So when President Kennedy delivered his address to the General Assembly on September 25, 1961, it was in the midst of great tension and uncertainty. And even in 1961, the concept of Terrorism was very much on everyone’s mind.
President Kennedy: “Terror is not a new weapon. Throughout history it has been used by those who could not prevail, either by persuasion or example. But inevitably they fail, either because men are not afraid to die for a life worth living, or because the terrorists themselves came to realize that free men cannot be frightened by threats, and that aggression would meet its own response. And it is in the light of that history that every nation today should know, be he friend or foe, that the United States has both the will and the weapons to join free men in standing up to their responsibilities.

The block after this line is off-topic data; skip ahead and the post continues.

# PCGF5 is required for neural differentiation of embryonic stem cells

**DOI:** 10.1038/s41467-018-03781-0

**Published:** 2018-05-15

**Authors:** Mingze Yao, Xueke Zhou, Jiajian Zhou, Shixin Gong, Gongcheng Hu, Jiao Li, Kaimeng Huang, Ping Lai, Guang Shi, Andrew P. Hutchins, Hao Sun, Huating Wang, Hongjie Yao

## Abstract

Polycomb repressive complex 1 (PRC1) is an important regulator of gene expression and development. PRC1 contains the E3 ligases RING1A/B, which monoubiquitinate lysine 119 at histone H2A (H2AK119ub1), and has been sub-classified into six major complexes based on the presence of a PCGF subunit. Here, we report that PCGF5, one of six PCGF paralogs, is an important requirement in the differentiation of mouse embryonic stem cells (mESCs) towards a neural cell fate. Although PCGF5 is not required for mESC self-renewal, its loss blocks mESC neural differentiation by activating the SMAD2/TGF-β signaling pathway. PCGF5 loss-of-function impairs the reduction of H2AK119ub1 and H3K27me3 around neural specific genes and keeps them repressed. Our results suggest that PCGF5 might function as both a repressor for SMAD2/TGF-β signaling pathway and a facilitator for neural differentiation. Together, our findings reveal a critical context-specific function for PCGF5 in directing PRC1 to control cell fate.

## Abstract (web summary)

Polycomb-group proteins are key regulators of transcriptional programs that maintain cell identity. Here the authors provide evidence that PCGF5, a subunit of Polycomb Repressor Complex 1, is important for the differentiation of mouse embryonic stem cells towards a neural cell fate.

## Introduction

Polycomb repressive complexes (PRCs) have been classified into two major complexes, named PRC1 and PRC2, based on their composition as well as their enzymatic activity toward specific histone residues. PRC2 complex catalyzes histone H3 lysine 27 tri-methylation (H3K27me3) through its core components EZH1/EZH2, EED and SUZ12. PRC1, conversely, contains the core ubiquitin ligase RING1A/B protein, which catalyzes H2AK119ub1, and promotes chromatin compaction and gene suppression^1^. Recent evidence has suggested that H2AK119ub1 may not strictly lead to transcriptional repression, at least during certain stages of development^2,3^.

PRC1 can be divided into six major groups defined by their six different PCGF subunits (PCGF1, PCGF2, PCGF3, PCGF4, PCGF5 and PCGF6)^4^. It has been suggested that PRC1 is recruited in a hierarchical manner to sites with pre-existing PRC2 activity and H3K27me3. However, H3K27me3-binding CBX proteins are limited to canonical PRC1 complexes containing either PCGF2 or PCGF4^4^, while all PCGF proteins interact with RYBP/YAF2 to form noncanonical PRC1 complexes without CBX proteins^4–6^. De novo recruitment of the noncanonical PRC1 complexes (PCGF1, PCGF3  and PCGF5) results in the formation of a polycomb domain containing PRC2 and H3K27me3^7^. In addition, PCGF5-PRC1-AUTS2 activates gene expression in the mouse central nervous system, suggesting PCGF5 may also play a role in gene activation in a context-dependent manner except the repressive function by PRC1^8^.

But I come here today to look across this world of threats to a world of peace. In that search we cannot expect any final triumph-for new problems will always arise. We cannot expect that all nations will adopt like systems–for conformity is the jailer of freedom, and the enemy of growth. Nor can we expect to reach our goal by contrivance, by fiat or even by the wishes of all. But however close we sometimes seem to that dark and final abyss, let no man of peace and freedom despair. For he does not stand alone. If we all can persevere, if we can in every land and office look beyond our own shores and ambitions, then surely the age will dawn in which the strong are just and the weak secure and the peace preserved.
Ladies and gentlemen of this Assembly, the decision is ours. Never have the nations of the world had so much to lose, or so much to gain. Together we shall save our planet, or together we shall perish in its flames. Save it we can–and save it we must–and then shall we earn the eternal thanks of mankind and, as peacemakers, the eternal blessing of God.”
In the coming days and weeks tensions would ebb and flow, but the fear of all-out war and nuclear annihilation remained.
It was just that kind of a world fifty-eight years ago.
Here is that complete address, as given by President Kennedy on September 25, 1961.